Why Use a Team Colloidal Mixer?
The “Rolls Royce of Mixers” - the high shear colloidal mixer, as used by Team Mixing Technologies, is the leading colloidal mixer in the industry, recommended by most grouting experts world-wide.
High-shear colloidal mixers are internationally recognized as the most efficient method of mixing cement-based grouts and other materials. Colloidal mixing results in very stable mixes which resist bleed and water contamination.
Rapid mixing of grouts containing sand, up to a sand/cement ratio of 4:1 and neat cement grouts, with water/cement ratios as low as 0.36:1 without additives. Ratios may be even lower with the addition of plasticizers or super-plasticizers.
Team colloidal mixers are very efficient at mixing bentonite and other clay products. The mixing process accelerates hydration and produces a more stable, homogenous product.
Advantages of Team Colloidal Mixers
Description of Colloidal Mixing
Colloidal Mill: The key element of the colloidal mixer is the colloidal mill which houses a high speed rotor (discar) operating at 2100 rpm within a close-fitting chamber housing. The clearance between the discar and the walls is approximately 3 mm (1/8”). Here, a high turbulence and shearing action is created capable of breaking down clusters of dry cement particles (agglomerates).
The colloidal mill also acts as a centrifugal pump and will discharge slurry into an agitation tank. The colloidal mill is capable of generating a maximum discharge pressure of 200 kPa (30 psi) and a flow rate of up to 750 l/min (200 gpm). It is possible to increase the mills efficiency as a pump (thus giving it a higher pressure capacity) but this reduces its efficiency as a mixer. This lower pump efficiency translates into a higher energy input. Depending on the required batch size, one to four colloidal mills may be incorporated into the mixer, each requiring a 22 kW (30 hp) electric motor.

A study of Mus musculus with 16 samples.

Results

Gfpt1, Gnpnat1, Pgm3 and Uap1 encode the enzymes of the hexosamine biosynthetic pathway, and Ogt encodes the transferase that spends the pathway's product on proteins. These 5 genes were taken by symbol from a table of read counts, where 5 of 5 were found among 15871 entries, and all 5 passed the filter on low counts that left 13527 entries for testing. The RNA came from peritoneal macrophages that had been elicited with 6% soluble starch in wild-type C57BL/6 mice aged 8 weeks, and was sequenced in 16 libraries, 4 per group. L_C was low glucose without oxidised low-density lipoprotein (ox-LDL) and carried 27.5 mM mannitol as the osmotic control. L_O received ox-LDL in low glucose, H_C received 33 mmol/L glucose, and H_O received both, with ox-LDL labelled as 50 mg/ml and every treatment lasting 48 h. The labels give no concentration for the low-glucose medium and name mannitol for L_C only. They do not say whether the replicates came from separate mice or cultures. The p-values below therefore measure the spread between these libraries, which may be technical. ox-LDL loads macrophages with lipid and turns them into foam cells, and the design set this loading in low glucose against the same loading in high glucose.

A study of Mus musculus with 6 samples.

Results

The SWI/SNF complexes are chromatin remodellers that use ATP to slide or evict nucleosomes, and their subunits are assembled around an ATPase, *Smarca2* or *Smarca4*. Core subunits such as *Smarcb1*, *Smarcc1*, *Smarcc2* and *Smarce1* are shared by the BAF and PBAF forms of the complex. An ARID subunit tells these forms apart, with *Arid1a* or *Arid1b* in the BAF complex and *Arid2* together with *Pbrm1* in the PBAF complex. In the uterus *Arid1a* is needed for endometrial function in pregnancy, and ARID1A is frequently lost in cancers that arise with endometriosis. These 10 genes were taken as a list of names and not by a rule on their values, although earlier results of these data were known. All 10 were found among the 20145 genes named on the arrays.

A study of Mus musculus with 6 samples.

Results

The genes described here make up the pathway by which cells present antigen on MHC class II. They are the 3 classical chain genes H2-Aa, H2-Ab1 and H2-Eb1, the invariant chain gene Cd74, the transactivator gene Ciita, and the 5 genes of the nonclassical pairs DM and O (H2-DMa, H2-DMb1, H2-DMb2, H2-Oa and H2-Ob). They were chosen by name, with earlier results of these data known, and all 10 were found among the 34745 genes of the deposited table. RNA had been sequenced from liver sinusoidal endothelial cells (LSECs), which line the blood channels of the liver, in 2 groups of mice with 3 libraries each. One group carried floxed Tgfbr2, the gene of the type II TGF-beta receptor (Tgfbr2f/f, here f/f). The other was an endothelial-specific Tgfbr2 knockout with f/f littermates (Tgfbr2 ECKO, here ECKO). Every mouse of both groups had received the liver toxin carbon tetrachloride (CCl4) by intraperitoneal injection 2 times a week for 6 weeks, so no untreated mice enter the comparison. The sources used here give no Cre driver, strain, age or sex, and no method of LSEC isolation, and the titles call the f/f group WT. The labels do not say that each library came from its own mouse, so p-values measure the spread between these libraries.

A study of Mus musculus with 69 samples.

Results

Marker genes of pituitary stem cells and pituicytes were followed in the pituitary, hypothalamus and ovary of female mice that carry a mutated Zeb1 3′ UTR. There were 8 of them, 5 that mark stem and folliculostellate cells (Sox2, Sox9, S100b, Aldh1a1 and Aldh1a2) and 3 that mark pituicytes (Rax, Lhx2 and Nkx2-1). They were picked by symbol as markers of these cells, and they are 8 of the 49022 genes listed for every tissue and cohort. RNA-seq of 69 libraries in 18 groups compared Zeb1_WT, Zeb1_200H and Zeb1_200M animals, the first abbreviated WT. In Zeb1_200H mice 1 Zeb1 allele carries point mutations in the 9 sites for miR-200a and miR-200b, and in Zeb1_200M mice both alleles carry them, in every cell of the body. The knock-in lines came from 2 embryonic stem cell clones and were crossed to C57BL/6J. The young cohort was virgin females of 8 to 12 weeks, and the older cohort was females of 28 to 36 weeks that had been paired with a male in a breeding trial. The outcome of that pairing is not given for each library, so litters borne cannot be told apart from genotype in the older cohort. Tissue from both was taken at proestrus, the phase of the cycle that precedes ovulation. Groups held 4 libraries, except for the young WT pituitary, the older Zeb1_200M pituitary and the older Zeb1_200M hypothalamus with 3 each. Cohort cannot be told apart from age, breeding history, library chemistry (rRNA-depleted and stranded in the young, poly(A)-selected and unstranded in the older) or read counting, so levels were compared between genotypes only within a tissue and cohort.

Mixing Tank: The mixing tank acts as a centrifugal separator spinning the unmixed, thicker grout towards the outside of the tank while the lighter portions of the mix move inwards, towards the throat of the tank and into the colloidal mill. Once through the mill, this lighter material is discharged tangentially into the vortex, blending with the unmixed material. Several passes through the mill produces a homogenous mixture. The entire mix cycle, once all materials are added, can take as little as 15 seconds.
Control Valves: The output from the colloidal mill is sent into one of two paths. Slurry is either directed tangentially back into the mixing chamber (mix cycle), creating the vortex action, or it is directed to the agitation tank or truck (discharge cycle). Pneumatic or manual pinch valves are used to divert slurry flow.
Self Cleaning: After a batch is discharged the mixer is refilled with water. This water is directed through a standpipe in the mixer tank to a spray nozzle which scours the inside of the mixer clean. This water remains in the mixer and is used in subsequent batches.
Comparison of Team Colloidal Mixers vs. Competitive Units
Don’t be fooled – all colloidal grout mixers are not alike. Team Mixing Technologies’ colloidal mixer utilizes a “true colloidal mill” that shears the cement particles. Other competitors use a centrifugal pump to simulate the shearing action which in reality, serves as a recirculation pump without the high-shear mixing action.
Each Team colloidal mill has two large 200 mm (8”) open throats coupled directly to the feed box, allowing full flow, enabling thicker mixes and allowing easier access for cleaning. Competitors utilizing a centrifugal pump have a small inlet connection, usually 75 to 100 mm, (3 to 4”), causing restrictions and potential cavitation problems with heavier mixes.
The discharge velocity of Team’s colloidal mills combined with the tangential inlets on the mixing vessel allows a high velocity vortex to be created resulting in superior mixing. Competitors often need the assistance of a secondary paddle-style mixer to produce a sufficient vortex for mixing.
Generally, Team’s colloidal mills require more power than the competitors – up to 22 kW (30 hp) per mill. Power utilized is directly proportional to the shear rate, hence the more power added the more shearing and the more rapid the mixing cycle.